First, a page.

Update from Ivanpah – October 2012
Ivanpah Workers, Their Families, and Staff Celebrate Progress Made on the Project
Last month, Ivanpah engineering, procurement and construction contractor Bechtel welcomed more than 3,500 people to celebrate Family Day at the site. Open to all workers associated with the Ivanpah project, the event provided a rare opportunity for employees to show their loved ones the world’s largest concentrating solar plant under construction to their loved ones. View our video from Family Day and read our blog post for more details!
Ivanpah Featured in Smithsonian Magazine!
Grab a copy of the November issue of Smithsonian Magazine A stunning photo of the Ivanpah project is featured alongside a short article. Snapped by photographer Gilles Mingasson, the photo provides a unique close up aerial view of the Unit 1 power tower area surrounded by thousands of heliostats.
Construction of Ivanpah is 67 percent complete! The project continues to employ more than 2,100 construction workers and support staff, and remains on track to be completed in 2013.
In the Common Area, the Pad Bonding Buildings (PBBs) and the Heliostat Assembly Building (HAB) continue to operate above full production capacity, assembling more than 500 heliostats each day. As of early October, the team has installed over 117,000 steel pylons and 77,000 heliostats. The permanent administration building is now complete and is occupied by the operations staff. Southern California Edison completed the 115 kV interim interconnection and Kern River Gas Transmission completed the natural gas tie-in to Ivanpah.
In September, the solar field team successfully aimed three heliostats at the boiler protection panels (white area) of the Unit 1 tower, creating a visible spot on the panels (see photo at left). When the plant is operational, heliostats will be aimed at the black boiler panels that are comprised of many tubes containing water/steam.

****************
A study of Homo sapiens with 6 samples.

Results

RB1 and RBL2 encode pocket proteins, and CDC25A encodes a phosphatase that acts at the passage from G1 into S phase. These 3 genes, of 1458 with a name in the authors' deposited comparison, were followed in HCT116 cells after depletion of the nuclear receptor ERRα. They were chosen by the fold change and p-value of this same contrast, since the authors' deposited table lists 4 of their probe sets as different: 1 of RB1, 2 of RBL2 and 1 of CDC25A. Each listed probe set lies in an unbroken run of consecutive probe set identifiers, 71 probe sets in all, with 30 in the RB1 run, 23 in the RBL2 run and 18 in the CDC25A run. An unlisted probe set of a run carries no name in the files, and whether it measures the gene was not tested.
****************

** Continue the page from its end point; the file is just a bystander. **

Overall, nearly 50,000 pylons and 50,000 heliostats are installed in Unit 1. The solar field commissioning process continues with electricians wiring heliostats together and connecting them to the communication and power distribution units, or CPDU’s. The team is also busy calibrating individual heliostats with the BrightSource SFINCS (Solar Field Integrated Control System), the software that aims the heliostats at the tower with extreme accuracy.
In the Unit 1 power block area, boilermakers completed the installation and welding of boiler piping and erection of the wall panels. The team also successfully completed the critical hydrostatic test to confirm the integrity of the boiler by pressurizing the boiler with water to check for leaks. The next step in preparing the boiler for operation is to conduct a chemical cleaning of the boiler’s evaporator section.
On the ground, construction of the air-cooled condenser (ACC) continues with significant progress made on the main steam turbine exhaust duct and wall siding. The team continues installing the remaining “balance of plant” equipment in the power block area, such as water treatment tanks, piping, electrical breakers and transformers.
A view of Unit 1 (background) and the Unit 2 solar field (foreground) from the top of the Unit 2 tower.
In the Unit 2 power block area, boilermakers continue welding the interconnecting boiler pipe and wall panels. The hydrostatic test is scheduled to take place by the end of the year. On the ground, the construction of the ACC is ongoing, and the plant services building is complete. In the Unit 2 solar field, more than 56,000 pylons and 28,000 heliostats have been installed. The team initiated the cable installation work necessary to support wiring of the heliostats together and connect them to the CPDU’s.
In the Unit 3 power block area, boilermakers are now welding the interconnecting boiler pipe and wall panels. On the ground, construction continues on the ACC, the plant services building, and the auxiliary boiler. The steam turbine generator was delivered and aligned in early September.